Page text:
The immersive experience of standing before Nalini Malani’s work at the Pompidou Centre in Paris in 2017 was a clear indication that the artist has a very strong international presence. The shadow play of mylar drums, rotating like prayer wheels and throwing figures, both playful and horrific on the walls (Remembering Mad Meg, 2007), the video works of mutilated faces and eyes morphing and being sutured (Hamletmachine, 2000), the sculptures of a figure on an operating table covered with latex gloves (The Job, 1997), and the drawings that were part of her retrospective 'A Vision in Light', featuring 50 years of work, have set Malani up as one of the artists whose art cut across geographical boundaries and concerns. After Paris, the exhibition was on view at the Castello di Rivoli in Turin, Italy till January 6, 2019.
Malani is known to quote from Hindu mythology as easily as she could reference the ancient Greeks. She often creates large-scale video installations in which images are projected onto see-through structures. In doing so, the footage appears to play on the surrounding walls, creating an immersive effect.
Hence, it was no big surprise then when Malani was announced the winner of the seventh edition of the prize granted by the Fundació Joan Miró and the "la Caixa". It is, however, a matter of great prestige given that it is one of the most celebrated and best-endowed contemporary art awards in the world. Winning this prize translates into a € 70,000 euro award and the covering of production costs of a solo exhibition of Malani’s works scheduled for display at the Fundació Joan Miró in Barcelona in 2020.
“The prize is from an artist’s foundation that was started by the artist Joan Miró himself during his lifetime. This is rare and very important as it shows his belief in artists of the future,” says Malani who is travelling but took out time to answer us via email. “Miró provided a beautifully designed building by Josep Lluís Sert in 1975 for art other than his own. It is about his utmost belief of life in art. I met Joan Miró in 1972 in Paris when I was a student there. His work has been very important for me and I have learnt a lot from his oeuvre,” says a jubilant Malani.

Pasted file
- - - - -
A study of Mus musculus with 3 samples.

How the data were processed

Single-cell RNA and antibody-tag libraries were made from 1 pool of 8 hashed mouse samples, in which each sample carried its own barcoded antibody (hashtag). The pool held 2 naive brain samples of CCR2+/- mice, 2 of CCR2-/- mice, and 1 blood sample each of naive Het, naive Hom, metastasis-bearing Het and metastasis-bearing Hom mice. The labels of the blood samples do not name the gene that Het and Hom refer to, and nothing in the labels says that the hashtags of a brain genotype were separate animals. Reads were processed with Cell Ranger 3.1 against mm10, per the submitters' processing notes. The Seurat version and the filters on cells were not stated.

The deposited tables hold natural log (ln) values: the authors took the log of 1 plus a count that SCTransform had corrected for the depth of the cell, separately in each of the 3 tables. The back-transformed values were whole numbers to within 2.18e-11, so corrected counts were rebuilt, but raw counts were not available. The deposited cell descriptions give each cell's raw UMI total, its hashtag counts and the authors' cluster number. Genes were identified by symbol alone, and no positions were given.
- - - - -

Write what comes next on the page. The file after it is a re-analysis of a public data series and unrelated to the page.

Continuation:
The jury collectively acknowledged Malani as their choice because of her ‘longstanding commitment to the silenced and the dispossessed all over the world, most particularly women, through a complex artistic quest based on immersive installations and a personal iconography where a profound knowledge of ancient mythologies converges with a bold condemnation of contemporary injustices.’ Ongoing concerns in her work include the aftermath of colonialism in India and the legacy of surrealism.
From her days as a student at the Sir JJ School of Art in Mumbai (1964–1969), where she experimented with camera-less photography and film, Malani has always chosen the unexpected over the norm. She trained as a painter at the Sir JJ School of Art and then in Paris at Atelier Friedlander and at the Sorbonne. She is also known to be one of the first Indian artists to have experimented with new media art.
In a statement, the prize’s jury said, “By alluding to a myriad of cultural references from both East and West, [Malani] has built an impressive body of work that engages viewers through complex, immersive installations that present her vision of the battered world we live.” Her vision is very personal, yet cosmopolitan. It is an “iconographic mingling that boldly denounces contemporary violence and injustice, and their effects on planetary life.”
That jury included Iwona Blazwick, director of the Whitechapel Gallery in London; Magnus af Petersens, director of the Bonniers Konsthall in Stockholm; Alfred Pacquement, former director of the Centre Pompidou in Paris; João Ribas, former curator of the Serralves Foundation Museum of Contemporary Art in Porto, Portugal; Nimfa Bisbe, director of the La Caixa Foundation collection of contemporary art; and Marko Daniel, director of the Fundació Joan Miró.